Rachel Fattal was just eight years old when she started playing competitive water polo with her first club team practicing at the Ken Lindgren Aquatics Center at Long Beach State.
Now at 28, she’s back, not as a player, but as an assistant coach to Shana Welch for the women’s water polo team.
“I’m excited to be here and to learn this year. Obviously Shana is an amazing coach, she’s had this program for a long time,” Fattal said.
Fattal, raised in Seal Beach, grew up playing volleyball, swim, softball and a lot of sports including water polo.
It has been a long journey for her with water polo. She made the swim team before age five and remembers her first time being introduced to water polo at six.
“My swim coach would throw balls in after practice,” Fattal said.
By 8 years old, she started playing competitively and continued to play throughout high school.
She went through the Olympic Development Program in high school and got cut from the national team multiple times before securing a spot during her senior year at Los Alamitos High School.
“The fear of failure is massive, especially in sports. It’s tough to not get picked, or to lose, or any of those negative things, but I also think that that’s one of the best parts and one of the biggest reasons people like competing,” Fattal said.
Among training with the national team as they were getting ready to leave for the 2012 Olympics in London, she also received and accepted a scholarship opportunity from UCLA to play water polo at the collegiate level.
Her freshman year at UCLA was her first year as an official member traveling and playing for the professional team.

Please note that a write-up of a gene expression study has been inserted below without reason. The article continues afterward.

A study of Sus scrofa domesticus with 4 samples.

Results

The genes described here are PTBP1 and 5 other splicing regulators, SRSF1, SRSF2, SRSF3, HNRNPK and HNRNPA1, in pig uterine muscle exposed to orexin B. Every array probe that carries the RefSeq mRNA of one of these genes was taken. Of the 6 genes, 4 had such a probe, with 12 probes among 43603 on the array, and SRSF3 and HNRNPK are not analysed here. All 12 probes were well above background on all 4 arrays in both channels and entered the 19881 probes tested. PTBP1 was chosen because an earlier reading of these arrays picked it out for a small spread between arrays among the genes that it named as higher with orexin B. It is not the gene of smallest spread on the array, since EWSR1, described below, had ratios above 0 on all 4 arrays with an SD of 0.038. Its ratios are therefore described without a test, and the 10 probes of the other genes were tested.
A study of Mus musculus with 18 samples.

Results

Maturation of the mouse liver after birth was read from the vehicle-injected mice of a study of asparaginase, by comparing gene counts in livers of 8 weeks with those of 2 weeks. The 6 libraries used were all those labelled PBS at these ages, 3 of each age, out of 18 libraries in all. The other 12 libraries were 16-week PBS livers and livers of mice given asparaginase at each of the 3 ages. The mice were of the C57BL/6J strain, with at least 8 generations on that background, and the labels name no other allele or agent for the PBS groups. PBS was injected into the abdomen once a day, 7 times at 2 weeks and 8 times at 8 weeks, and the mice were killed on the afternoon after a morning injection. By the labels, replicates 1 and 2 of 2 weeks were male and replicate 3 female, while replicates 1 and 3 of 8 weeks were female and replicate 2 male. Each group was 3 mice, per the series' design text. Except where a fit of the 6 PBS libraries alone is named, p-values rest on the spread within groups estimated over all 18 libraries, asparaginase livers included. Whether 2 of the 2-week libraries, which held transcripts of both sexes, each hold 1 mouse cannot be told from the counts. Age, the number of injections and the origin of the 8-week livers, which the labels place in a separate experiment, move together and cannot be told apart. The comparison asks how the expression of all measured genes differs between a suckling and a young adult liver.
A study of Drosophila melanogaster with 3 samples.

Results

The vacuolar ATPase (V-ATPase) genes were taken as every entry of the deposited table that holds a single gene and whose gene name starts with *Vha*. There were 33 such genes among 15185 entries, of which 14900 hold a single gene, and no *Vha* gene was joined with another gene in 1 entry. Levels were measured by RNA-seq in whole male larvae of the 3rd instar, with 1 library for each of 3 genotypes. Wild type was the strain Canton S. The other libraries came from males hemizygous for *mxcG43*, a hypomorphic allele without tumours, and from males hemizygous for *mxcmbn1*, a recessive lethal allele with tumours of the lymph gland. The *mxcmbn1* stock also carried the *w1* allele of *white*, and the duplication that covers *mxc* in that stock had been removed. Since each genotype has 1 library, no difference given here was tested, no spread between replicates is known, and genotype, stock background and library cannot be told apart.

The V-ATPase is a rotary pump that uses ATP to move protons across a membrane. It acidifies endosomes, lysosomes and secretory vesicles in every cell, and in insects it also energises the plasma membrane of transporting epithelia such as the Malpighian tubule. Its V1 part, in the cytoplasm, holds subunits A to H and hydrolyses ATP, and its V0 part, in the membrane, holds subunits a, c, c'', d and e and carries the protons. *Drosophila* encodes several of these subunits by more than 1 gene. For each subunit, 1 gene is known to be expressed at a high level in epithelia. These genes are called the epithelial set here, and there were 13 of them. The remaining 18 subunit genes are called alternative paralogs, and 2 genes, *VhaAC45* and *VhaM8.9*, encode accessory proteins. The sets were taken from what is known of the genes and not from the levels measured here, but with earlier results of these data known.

“It’s a pretty challenging sport, you know most sports, you’re on land. This sport you’re in a whole different element, so it’s pretty challenging. I think I really like that part of it, it makes you tough,” Fattal said.
Her first World Championship win was in 2015 before winning her first gold medal at the 2016 Olympics in Brazil, then again at the 2020 Olympics in Japan.
She graduated from UCLA in 2017 when she decided to move to Australia to play for the professional team before COVID-19.
Despite so many big moments throughout her career, Rachel says it is the little moments that have made her water polo journey so special to her.
“Sometimes there’s just little things like an everyday practice that turns into something that’s way more joyful than you thought it was going to be, just purely from teammates and the people that you are around and that you get to know through the process,” Fattal said.
Water polo has taught her a lot, but one of the biggest lessons she has learned throughout her career is finding her reason to keep showing up even on days when she doesn’t feel like it.
“You have to find your ‘why,’ like what’s your reason behind ‘I’m still going to show up,’” Fattal said. “Being able to discover that in yourself and finding your ‘why,’ I’d say that’s one of my favorite lessons that I’ve learned.”
Fattal has coached water polo and volleyball before, but this will be her first time coaching at the collegiate level. She is also playing for the national team concurrently, training seven hours a day, six days a week, following some time off after the world championships this past summer.
“You know it is an interesting balance, but I’m excited for it,” Fattal said.
Fattal hopes to bring her love, knowledge and experience with water polo to the next generation of players at Long Beach State.
“Coaching is something that I think is really enjoyable, giving back to the sport that’s obviously given me so many things in my life,” Fattal said. “I would love to give any of that back to these girls that will come through this program and show them what an amazing place Long Beach State is and how much water polo can give to you.”